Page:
I am wondering if anyone’s math PhD advisor worked side by side with you on your thesis problem? In other words, instead of meetings consisting of updates of where you are at in your research and just talking about ideas, the meetings consisted of working at the board together on the problem at hand.


If done over the entire course of the PhD, this is a very bad idea for any student interested in a research career.

Of course, it is reasonable for an advisor to work more closely with a student to get him or her started on a project. It's also reasonable for an advisor to contribute some (but not all) of the key ideas.

If a thesis advisor cannot say in their recommendation letter that a student solved their thesis problem (or some other problem) with not too much help from the advisor, the student is not likely to be hired for a research-oriented postdoc.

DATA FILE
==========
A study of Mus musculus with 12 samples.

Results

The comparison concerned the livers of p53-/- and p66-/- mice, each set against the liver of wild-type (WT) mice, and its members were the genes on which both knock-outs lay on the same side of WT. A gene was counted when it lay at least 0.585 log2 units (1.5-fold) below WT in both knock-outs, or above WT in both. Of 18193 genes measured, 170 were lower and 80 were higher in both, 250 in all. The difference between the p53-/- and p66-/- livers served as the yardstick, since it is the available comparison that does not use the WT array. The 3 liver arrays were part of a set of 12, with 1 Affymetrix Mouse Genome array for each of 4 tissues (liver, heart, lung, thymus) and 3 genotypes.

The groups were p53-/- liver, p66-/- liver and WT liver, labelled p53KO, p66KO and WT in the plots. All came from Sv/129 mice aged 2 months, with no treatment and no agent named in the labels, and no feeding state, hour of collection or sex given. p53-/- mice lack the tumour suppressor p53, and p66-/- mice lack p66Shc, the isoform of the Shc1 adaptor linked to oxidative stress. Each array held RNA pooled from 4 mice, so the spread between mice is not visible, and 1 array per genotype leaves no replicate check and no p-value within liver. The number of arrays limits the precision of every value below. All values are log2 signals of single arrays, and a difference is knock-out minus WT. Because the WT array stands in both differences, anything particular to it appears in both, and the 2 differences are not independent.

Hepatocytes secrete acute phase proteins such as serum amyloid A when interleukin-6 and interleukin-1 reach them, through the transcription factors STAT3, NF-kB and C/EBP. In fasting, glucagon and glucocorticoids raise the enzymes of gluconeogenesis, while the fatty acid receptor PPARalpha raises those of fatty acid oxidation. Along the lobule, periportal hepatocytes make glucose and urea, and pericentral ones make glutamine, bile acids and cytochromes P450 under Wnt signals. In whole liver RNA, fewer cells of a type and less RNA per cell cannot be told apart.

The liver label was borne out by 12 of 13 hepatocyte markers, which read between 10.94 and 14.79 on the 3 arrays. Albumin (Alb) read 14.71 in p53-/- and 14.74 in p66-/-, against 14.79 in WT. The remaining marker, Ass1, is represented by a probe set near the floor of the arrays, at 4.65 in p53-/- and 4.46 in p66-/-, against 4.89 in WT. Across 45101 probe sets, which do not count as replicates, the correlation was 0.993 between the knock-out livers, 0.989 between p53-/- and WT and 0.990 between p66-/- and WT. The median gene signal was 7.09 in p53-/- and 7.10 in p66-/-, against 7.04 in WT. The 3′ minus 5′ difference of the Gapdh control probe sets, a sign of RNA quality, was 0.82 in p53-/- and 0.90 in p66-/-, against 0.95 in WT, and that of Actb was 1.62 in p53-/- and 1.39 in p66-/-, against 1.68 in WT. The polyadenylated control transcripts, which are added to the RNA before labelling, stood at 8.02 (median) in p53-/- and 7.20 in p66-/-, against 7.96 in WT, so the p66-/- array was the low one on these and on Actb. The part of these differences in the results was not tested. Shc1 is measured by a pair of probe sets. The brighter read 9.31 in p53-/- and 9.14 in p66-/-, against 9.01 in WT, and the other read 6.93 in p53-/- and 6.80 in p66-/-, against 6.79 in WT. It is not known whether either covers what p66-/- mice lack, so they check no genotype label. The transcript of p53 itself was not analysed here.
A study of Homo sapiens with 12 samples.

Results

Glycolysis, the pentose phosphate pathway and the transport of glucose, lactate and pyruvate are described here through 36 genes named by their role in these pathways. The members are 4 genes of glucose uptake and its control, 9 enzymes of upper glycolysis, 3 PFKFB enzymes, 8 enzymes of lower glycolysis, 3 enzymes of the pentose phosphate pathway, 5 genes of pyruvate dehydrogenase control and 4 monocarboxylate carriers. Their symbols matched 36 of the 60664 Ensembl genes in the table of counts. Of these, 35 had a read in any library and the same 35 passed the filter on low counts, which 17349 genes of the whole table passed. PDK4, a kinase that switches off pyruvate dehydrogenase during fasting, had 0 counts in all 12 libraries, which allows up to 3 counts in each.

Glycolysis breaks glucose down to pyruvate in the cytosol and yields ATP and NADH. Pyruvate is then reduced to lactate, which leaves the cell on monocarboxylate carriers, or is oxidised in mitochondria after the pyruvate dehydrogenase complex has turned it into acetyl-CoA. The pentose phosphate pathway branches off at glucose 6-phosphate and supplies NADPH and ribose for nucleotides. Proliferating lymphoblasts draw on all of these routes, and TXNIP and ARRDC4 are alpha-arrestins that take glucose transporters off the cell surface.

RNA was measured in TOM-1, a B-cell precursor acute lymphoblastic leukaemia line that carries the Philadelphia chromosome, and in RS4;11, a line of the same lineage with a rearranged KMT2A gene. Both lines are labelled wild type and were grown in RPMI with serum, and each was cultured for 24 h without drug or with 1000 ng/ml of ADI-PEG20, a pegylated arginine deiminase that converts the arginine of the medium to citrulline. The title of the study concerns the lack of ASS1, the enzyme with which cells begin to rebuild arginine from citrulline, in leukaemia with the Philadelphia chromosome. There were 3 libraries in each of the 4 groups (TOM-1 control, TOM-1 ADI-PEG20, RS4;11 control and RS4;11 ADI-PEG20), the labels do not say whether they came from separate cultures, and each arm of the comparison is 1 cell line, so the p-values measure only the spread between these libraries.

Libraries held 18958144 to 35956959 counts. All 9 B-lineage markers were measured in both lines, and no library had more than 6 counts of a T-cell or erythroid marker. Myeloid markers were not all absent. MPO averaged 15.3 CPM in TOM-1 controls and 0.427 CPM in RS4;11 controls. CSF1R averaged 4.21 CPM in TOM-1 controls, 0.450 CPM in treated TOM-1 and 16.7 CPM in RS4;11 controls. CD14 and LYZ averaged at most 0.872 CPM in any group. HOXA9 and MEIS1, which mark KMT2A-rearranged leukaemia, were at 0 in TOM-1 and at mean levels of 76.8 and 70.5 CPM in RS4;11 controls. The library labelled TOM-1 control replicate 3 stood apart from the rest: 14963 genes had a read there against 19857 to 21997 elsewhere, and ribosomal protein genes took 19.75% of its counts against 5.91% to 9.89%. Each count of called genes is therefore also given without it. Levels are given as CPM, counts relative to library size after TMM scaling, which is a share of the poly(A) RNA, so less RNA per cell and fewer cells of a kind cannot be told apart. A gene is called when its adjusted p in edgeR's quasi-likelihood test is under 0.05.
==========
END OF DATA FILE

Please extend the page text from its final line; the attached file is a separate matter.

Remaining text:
Different professors have different standards for co-authorship with their advisees, but generally it is expected that at least one of the papers a mathematics student publishes from their PhD work will not have the advisor as an author. (It is generally known in the community which professors are more likely to put their names on papers with their advisees.)

To actually answer your question:

Most advisors understand this reality and a good advisor will be reluctant to get too involved in their students' projects, but when they have a student whom they don't see as capable of a research career, they will frequently step up to get the thesis done so that the student can move on to a non-research job in industry or a teaching-oriented job.